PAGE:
Currie High School pupils helped celebrate the completion of a project to install energy-saving solar panels across a range of Council-owned buildings on Friday 7th October.
Panels have been installed on 24 buildings, including schools, community and leisure centres, in partnership with the Edinburgh Community Solar Co-operative (ECSC), supported by Energy4All.
The initiative, which is believed to be the largest community-owned urban renewable energy project in the UK, will benefit participating buildings with cheaper electricity, generating savings.
On Friday, members of the solar co-op were joined by councillors, pupils and community representatives to toast the occasion over a solar panel-themed cake at Currie High School – the last building to be energised.
Vice Convener of Transport and Environment, Councillor Adam McVey, said: “I am delighted to see this project come into action, providing a wealth of environmental and economic benefits in the long term.
“As a Council we are committed to reducing our carbon footprint and it is through developments such as this we are able to make a real change. Co-operatives are also a great way to involve the community, in this instance to increase the city’s renewable energy together.”
Dr Richard Dixon, Chair of the ECSC, said: “Schools, community centres and sports halls are now creating clean, green electricity for themselves and for the wider community, in a project funded by local investors. This is the biggest scheme of its type in the UK and we would be delighted to see this kind of project spreading to other Scottish cities. Many congratulations to the team, who have worked really hard over the summer to meet the deadlines to get all 24 solar installation installed and generating electricity.”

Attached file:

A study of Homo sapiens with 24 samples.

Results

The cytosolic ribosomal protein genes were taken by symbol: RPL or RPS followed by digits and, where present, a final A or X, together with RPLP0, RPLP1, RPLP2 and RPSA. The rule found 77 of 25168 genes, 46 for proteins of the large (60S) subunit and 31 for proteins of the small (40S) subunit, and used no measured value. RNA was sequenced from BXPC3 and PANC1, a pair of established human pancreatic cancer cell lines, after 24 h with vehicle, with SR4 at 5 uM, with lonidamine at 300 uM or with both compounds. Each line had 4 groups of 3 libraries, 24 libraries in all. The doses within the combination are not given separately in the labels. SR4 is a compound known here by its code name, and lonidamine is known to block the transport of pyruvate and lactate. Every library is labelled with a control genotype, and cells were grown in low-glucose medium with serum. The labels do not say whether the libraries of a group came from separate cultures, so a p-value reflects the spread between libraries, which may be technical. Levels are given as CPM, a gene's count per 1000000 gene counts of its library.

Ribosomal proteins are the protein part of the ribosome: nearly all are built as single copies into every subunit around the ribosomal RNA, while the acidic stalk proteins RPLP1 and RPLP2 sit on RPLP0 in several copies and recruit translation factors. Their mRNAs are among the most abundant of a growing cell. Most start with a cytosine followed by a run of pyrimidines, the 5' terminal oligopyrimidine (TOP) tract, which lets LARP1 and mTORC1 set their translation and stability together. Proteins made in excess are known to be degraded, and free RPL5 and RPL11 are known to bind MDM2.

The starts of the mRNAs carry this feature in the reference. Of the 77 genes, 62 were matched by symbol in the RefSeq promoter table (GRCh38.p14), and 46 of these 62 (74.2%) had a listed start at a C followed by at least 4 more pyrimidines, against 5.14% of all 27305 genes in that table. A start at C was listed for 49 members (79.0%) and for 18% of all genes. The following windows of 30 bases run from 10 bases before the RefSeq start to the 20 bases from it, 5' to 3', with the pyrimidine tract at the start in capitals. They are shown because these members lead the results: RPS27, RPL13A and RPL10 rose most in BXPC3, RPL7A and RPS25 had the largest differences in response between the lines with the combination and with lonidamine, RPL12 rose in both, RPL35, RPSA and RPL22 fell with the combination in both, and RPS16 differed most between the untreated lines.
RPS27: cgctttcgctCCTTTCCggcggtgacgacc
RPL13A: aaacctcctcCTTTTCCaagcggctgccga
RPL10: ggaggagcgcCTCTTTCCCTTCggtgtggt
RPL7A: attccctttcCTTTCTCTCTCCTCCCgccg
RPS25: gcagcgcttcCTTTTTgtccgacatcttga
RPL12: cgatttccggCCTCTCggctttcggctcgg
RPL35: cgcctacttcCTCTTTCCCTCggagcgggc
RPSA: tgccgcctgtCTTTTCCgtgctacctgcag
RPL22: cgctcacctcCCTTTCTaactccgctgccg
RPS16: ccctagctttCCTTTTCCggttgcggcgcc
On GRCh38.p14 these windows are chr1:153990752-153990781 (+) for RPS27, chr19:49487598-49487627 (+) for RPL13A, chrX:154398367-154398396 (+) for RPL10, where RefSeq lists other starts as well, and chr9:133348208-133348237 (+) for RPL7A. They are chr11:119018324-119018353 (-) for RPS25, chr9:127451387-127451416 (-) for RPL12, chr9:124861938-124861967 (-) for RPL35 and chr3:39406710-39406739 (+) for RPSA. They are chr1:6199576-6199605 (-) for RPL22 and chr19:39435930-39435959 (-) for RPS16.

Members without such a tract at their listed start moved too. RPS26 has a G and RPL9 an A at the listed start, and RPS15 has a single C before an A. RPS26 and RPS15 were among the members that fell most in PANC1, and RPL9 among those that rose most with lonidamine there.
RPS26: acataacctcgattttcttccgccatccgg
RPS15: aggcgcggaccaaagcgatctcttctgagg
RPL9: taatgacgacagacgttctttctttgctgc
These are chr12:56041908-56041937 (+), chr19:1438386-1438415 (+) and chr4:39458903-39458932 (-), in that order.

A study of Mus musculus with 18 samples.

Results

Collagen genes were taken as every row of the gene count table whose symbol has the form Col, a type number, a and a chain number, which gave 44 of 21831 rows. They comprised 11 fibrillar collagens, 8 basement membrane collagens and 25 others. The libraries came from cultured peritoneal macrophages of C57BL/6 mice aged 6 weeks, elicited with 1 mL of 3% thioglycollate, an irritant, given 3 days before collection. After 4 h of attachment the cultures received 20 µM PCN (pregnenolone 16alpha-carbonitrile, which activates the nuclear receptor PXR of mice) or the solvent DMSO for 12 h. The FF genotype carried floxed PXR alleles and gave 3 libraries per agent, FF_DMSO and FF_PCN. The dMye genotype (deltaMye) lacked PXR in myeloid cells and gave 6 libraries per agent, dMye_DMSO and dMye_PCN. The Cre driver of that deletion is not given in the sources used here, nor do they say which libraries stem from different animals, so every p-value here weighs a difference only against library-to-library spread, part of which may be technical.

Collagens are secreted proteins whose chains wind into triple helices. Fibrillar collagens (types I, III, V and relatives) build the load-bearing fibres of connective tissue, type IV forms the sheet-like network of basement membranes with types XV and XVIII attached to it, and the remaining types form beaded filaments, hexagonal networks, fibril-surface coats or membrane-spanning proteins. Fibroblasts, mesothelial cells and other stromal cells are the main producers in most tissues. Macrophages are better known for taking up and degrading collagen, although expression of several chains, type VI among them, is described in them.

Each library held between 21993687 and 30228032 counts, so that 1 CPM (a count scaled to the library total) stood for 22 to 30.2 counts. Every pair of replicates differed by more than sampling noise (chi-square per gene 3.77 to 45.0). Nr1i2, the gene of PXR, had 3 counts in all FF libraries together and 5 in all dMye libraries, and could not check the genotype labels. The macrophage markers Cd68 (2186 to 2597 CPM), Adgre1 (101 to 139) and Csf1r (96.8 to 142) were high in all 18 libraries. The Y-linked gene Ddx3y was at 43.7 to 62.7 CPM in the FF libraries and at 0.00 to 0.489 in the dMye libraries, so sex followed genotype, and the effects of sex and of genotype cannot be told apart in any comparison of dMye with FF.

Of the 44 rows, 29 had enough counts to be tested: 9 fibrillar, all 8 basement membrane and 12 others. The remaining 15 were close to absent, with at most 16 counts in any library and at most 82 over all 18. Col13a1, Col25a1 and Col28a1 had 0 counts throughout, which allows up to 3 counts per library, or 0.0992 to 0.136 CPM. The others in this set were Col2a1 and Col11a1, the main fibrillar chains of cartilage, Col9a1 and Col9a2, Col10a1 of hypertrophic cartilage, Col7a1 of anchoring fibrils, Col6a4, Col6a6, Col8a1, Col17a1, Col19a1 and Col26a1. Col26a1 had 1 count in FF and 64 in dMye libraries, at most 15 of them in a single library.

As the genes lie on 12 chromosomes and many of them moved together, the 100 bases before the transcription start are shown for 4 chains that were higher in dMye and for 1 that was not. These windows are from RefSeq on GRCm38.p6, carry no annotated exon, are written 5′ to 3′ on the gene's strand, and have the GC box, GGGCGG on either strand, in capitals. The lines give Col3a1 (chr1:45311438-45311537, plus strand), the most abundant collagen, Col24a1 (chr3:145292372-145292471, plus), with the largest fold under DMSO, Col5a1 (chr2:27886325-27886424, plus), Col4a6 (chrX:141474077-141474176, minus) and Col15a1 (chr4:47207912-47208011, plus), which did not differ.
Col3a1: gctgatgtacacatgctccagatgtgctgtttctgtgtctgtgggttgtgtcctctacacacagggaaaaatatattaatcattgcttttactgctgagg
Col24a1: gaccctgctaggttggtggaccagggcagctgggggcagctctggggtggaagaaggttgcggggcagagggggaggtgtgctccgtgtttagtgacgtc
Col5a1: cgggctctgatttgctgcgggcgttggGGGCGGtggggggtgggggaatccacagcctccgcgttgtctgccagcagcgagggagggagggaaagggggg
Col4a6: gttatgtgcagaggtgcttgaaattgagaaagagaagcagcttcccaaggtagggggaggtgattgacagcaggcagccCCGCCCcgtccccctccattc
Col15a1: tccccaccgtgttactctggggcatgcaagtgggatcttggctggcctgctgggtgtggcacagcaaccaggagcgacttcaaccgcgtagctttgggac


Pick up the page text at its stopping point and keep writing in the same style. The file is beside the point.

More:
It is estimated that the newly-installed solar panels will supply a million units of zero-carbon energy a year, contributing to the Council’s target to reduce emissions by 42% by 2020. Any surplus energy will be sold to the National Grid and profits made by the project will be reinvested locally through a newly-created Community Benefit Fund.
Stephanie Clark, Policy Manager at Scottish Renewables, said: “What’s been achieved in Edinburgh is remarkable.
“It’s great to see a large community project like this succeed and make the benefits of renewable energy, in terms of reduced carbon emissions and cost savings, a reality.
“The communities involved should be rightly proud of their new solar PV panels, and other local authorities can now look to Edinburgh as a good example to follow.”
Members of the Co-op will receive annual interest on their investment (capped at five percent increasing with RPI), with any surplus profit invested in the Community Benefit fund.
The panels will also help educate school pupils on environmental themes such as renewable energy, with each equipped with a real-time display of electricity generation, accessible online or on the building.
Also, Edinburgh Solar are delighted to announce that they have been shortlisted as a finalist for the Scottish Green Energy Awards 2016. Having received over 130 nominations, it is a huge achievement to have been shortlisted and they would like to thank everyone who took the time to nominate.